The cast of

Neutrinos? You’re going to kill the Earth using… neutrinos?!

That was the thought echoing through my brain during the November 2009 screening of Roland Emmerich’s disaster orgy, 2012. However, I was in the minority.

At the end of that painful 158 minutes, the filled-to-capacity midnight movie screening erupted with applause.

What?! Everyone else enjoyed it? Did I miss something?

Unfortunately, that’s the problem, I didn’t miss anything. In my mind, I knew neutrinos couldn’t cause the Earth’s interior to boil, turning our planet into a sphere of Jello; I knew the much fabled “galactic alignment” and “killer solar flare” doomsday theories are bunk; I knew the polar shift as depicted by Emmerich was completely flawed. Don’t get me started on the tsunamis, Arks and silly plot twists.

After writing a review on the science failings of 2012, I received a mixed bag of comments, but the overriding sentiment was that I needed to “suspend disbelief” and that I shouldn’t take movies so seriously.

At the American Association for the Advancement of Science (AAAS) meeting in San Diego, at a session chaired by The Science and Entertainment Exchange director (and Discovery News blogger) Jennifer Ouellette, a professor from Emory University in Atlanta shared his frustration about the science failings in movies.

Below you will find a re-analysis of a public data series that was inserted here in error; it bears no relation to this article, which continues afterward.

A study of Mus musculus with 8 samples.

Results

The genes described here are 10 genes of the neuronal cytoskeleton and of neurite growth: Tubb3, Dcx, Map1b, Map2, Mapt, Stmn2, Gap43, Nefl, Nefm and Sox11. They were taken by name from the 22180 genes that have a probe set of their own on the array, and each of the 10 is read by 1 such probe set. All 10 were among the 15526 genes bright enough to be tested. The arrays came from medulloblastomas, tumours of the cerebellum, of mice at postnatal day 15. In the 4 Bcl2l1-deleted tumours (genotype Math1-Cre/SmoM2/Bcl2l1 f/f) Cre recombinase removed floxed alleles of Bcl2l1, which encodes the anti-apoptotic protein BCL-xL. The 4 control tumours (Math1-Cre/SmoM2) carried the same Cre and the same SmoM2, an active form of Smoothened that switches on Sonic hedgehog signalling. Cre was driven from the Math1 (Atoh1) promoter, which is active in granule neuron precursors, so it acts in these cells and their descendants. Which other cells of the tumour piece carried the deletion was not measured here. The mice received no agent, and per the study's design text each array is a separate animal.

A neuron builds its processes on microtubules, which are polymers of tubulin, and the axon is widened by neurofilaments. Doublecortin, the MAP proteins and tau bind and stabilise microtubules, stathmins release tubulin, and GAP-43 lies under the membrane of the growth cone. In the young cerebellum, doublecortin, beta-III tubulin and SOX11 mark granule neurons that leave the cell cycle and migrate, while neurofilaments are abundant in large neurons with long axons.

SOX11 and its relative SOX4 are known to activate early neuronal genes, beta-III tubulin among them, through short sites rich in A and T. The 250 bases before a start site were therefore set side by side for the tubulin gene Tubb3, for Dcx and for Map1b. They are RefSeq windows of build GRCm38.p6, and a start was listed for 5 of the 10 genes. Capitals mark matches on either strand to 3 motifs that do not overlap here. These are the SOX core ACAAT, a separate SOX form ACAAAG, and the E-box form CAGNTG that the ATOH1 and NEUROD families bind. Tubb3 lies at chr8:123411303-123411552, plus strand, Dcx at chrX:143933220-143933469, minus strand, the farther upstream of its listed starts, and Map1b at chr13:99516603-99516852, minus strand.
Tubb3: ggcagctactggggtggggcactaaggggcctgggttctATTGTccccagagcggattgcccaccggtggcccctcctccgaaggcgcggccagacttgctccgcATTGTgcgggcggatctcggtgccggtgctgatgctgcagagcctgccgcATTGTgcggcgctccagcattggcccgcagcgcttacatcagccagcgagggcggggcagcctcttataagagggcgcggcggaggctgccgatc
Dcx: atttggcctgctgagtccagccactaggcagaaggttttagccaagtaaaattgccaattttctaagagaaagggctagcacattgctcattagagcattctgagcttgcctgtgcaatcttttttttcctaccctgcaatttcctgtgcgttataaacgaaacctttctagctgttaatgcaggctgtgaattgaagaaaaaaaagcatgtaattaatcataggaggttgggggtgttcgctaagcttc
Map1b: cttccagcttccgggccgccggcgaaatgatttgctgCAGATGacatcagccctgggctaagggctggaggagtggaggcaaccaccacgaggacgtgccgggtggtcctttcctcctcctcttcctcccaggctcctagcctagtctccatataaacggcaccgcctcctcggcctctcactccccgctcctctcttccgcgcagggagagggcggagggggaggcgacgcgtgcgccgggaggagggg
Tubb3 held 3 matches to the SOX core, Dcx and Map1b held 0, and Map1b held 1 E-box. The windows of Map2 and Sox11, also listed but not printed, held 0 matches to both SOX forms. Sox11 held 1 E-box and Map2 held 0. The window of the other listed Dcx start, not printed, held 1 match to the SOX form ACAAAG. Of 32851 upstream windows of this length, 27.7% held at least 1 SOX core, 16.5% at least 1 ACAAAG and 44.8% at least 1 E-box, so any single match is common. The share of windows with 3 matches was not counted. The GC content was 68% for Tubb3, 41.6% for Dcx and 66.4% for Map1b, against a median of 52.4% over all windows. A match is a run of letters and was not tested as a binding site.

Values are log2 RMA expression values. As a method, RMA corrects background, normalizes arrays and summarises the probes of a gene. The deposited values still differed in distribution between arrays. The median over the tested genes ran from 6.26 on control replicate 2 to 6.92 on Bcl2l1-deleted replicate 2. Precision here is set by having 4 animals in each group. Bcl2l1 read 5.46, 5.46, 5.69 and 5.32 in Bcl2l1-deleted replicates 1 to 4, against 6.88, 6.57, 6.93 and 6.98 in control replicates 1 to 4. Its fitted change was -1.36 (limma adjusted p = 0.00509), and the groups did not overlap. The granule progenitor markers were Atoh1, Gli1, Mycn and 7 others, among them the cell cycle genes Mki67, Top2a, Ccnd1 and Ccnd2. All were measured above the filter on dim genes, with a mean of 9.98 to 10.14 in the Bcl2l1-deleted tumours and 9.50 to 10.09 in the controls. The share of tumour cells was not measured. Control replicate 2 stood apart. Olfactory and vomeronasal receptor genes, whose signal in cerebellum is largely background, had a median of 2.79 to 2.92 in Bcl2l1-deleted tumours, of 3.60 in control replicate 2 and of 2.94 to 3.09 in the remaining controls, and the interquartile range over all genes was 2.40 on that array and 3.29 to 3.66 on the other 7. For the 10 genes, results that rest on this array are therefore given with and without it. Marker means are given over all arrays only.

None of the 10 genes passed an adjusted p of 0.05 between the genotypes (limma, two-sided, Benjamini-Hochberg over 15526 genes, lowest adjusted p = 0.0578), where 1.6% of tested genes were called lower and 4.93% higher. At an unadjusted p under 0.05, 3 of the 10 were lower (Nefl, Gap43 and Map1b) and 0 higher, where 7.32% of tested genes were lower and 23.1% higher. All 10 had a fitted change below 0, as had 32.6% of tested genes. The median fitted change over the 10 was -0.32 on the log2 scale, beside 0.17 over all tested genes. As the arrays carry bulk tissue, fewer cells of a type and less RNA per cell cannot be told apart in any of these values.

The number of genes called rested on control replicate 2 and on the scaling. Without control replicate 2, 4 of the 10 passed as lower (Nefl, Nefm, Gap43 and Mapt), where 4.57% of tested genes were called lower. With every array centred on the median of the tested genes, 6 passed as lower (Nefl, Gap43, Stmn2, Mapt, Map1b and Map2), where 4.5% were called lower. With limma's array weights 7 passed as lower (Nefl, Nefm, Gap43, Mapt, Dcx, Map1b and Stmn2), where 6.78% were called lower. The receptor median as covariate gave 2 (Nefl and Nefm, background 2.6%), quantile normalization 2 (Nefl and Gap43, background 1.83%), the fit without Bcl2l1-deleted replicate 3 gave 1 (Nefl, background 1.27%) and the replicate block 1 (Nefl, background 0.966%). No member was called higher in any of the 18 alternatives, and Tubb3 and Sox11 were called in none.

Prof. Sidney Perkowitz (also a member of the Exchange) suggested that movies should be allowed just one major suspension of belief for the sake of the storyline.

Often movies that contain more than their fair share of science failings (such as The Core, as singled out by Perkowitz as the worst offender), will be the least memorable movies, whereas more accurate movies (such as Contact and Apollo 13) will often go down in movie history.

Although “bad science” doesn’t necessarily translate into a failed movie (for example, 2012 pulled in almost $800 million worldwide), in my opinion it does miss an opportunity to prove just how exciting real science can be without having to make stuff up. Movies can be an educational tool, why not depict science accurately?

“That’s the true power of science fiction: not only can it entertain and inspire the next generation of scientists, but it provides a compelling framework in which to explore how science fits into our culture at large, and the inevitable ethical/philosophical questions that accompany major breakthroughs in research.” —

There is the requirement for sci-fi movies to create fictional worlds, futuristic technologies and bizarre alien creatures, but sticking with believable science shouldn’t be just an option. Granted, some disbelief suspension should be expected at the movies, but it would be nice if The Core was the exception rather than the rule.

As one commenter said in reply to my 2012 review: “Knocking science in science fiction movies is like shooting fish in itty-bitty barrels with a very big gun. It’s fun and can make a big splash, but isn’t very hard.”

But when the movie is really bad, it becomes a really, really small barrel.